From a 1946 issue of the Jewish Bulletin
From a 1946 issue of the Jewish Bulletin

70 years ago this week, the world celebrated a man who ended a previous pandemic


Tuberculosis was once a global scourge that at one point killed one of every seven people in the U.S. and Europe; this author’s own family came, like many others, to California from Brooklyn in search of the salubrious air that was thought to help the incurable disease.

It was incurable, that is, until the discovery of streptomycin.

Seventy years ago this week, on the front page of our paper in 1952, we announced that the Nobel Prize for medicine had been given to a Jewish researcher, Selman Waksman of Rutgers University. He’d been awarded the prize for his discovery of a TB-fighting antibiotic nearly a decade earlier.

“This is the culminating point of my life’s work, begun in 1915 with the study of a humble group of soil micro-organisms, the actinomycetes, which have yielded in recent years some of the greatest benefits to mankind,” he said at the time.

Streptomycin is an antibiotic, on the World Health Organization’s list of essential medicines, which compiles the most efficacious, safe and cost–effective medicines.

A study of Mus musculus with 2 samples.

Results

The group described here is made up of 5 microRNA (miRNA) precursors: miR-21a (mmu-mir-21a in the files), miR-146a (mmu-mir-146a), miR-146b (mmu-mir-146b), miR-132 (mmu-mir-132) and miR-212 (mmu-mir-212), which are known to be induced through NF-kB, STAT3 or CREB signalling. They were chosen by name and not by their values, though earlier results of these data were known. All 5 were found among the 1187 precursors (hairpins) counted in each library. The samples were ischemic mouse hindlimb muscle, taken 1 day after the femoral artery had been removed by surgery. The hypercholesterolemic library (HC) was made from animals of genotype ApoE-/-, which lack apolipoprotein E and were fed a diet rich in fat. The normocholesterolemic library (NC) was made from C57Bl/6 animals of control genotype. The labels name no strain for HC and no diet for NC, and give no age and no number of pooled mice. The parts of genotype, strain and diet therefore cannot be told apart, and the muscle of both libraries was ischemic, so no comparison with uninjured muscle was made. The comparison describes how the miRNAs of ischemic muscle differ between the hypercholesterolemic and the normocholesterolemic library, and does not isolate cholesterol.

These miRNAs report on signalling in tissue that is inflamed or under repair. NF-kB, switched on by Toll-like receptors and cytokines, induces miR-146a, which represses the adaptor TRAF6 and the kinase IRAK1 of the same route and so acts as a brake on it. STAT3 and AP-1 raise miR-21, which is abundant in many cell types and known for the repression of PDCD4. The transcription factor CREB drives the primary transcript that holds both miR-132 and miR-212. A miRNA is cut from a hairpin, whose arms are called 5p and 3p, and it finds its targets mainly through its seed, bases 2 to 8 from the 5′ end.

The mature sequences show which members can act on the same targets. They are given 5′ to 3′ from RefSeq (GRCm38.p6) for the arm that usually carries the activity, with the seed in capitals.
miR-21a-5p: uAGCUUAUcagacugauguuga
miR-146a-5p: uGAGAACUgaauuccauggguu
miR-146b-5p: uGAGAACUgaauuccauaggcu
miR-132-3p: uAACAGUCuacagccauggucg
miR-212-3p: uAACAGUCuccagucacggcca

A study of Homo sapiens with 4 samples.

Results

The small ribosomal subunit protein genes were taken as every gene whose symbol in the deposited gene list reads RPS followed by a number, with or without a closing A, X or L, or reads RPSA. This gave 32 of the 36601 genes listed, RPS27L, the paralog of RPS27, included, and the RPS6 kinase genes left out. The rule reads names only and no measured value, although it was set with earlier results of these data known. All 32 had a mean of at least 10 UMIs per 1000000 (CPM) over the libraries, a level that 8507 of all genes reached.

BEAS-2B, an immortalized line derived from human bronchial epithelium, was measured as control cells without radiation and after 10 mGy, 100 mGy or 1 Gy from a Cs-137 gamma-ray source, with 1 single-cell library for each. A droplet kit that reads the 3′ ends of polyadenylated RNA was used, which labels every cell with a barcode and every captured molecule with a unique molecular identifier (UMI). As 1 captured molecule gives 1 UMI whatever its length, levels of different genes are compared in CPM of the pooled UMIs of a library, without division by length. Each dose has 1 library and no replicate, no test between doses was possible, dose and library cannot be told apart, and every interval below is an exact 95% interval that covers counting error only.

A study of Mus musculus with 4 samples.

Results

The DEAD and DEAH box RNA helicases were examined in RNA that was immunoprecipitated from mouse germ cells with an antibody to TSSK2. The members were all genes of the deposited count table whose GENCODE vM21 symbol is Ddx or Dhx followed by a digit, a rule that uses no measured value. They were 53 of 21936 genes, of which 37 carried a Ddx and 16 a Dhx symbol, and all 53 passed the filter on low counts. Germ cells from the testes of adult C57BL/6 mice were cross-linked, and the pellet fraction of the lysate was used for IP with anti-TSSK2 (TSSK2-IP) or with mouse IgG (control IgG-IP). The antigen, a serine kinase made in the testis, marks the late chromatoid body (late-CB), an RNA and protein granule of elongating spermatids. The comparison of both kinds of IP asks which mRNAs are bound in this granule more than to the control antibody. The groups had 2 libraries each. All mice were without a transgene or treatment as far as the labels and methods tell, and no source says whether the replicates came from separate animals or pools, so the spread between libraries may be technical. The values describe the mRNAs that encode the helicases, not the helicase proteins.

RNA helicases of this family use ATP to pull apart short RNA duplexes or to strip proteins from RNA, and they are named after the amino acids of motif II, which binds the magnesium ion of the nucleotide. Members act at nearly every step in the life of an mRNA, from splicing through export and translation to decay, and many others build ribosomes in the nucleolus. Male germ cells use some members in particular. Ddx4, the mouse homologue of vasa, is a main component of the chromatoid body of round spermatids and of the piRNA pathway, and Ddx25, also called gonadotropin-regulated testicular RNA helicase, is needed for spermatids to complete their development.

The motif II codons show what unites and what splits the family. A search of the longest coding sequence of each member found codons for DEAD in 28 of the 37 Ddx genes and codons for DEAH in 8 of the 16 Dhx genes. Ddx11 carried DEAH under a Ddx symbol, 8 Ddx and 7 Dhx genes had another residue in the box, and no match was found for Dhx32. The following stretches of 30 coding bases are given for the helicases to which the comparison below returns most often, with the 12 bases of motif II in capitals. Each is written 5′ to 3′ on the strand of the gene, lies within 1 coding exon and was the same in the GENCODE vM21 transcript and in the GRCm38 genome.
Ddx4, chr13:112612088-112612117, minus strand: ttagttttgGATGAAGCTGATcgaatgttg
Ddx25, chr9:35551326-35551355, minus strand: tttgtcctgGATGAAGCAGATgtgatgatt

As a tuberculosis treatment, it was a game-changer.

A Refugee’s Contribution Repays America With Wonder Drug,” a headline in our paper in 1946 read.

“Dr. Selman Abraham Waksman, a modest Jewish scientist who did not set foot in America until he was 22, is being hailed by the medical profession as one of our country’s greatest scientists, and a benefactor of mankind. He is the discoverer of streptomycin, which is proving even more valuable than penicillin.”

(The bacteria that causes TB was also discovered by a Jewish scientist, Robert Koch, in 1882.)

However, there is a bit of a scandalous backstory to Waksman’s win. The drug was discovered in Waksman’s lab, but through the work of the — also Jewish — researcher Albert Schatz, who ended up suing Waksman for recognition and royalties. Although he received some money, he never again found work in a major research institution, according to the American Chemical Society.

Waksman, on the other hand, was feted around the country — including here in the Bay Area.

Tuberculosis as a disease has not acknowledged defeat. It is now on the rise again, both here and around the world. According to the WHO, around 10.6 million people fell ill with tuberculosis in 2021, an increase of 4.5 percent from the previous year. Around 1.6 million people died.

Maya Mirsky
Maya Mirsky

Maya Mirsky is a J. Staff Writer based in Oakland.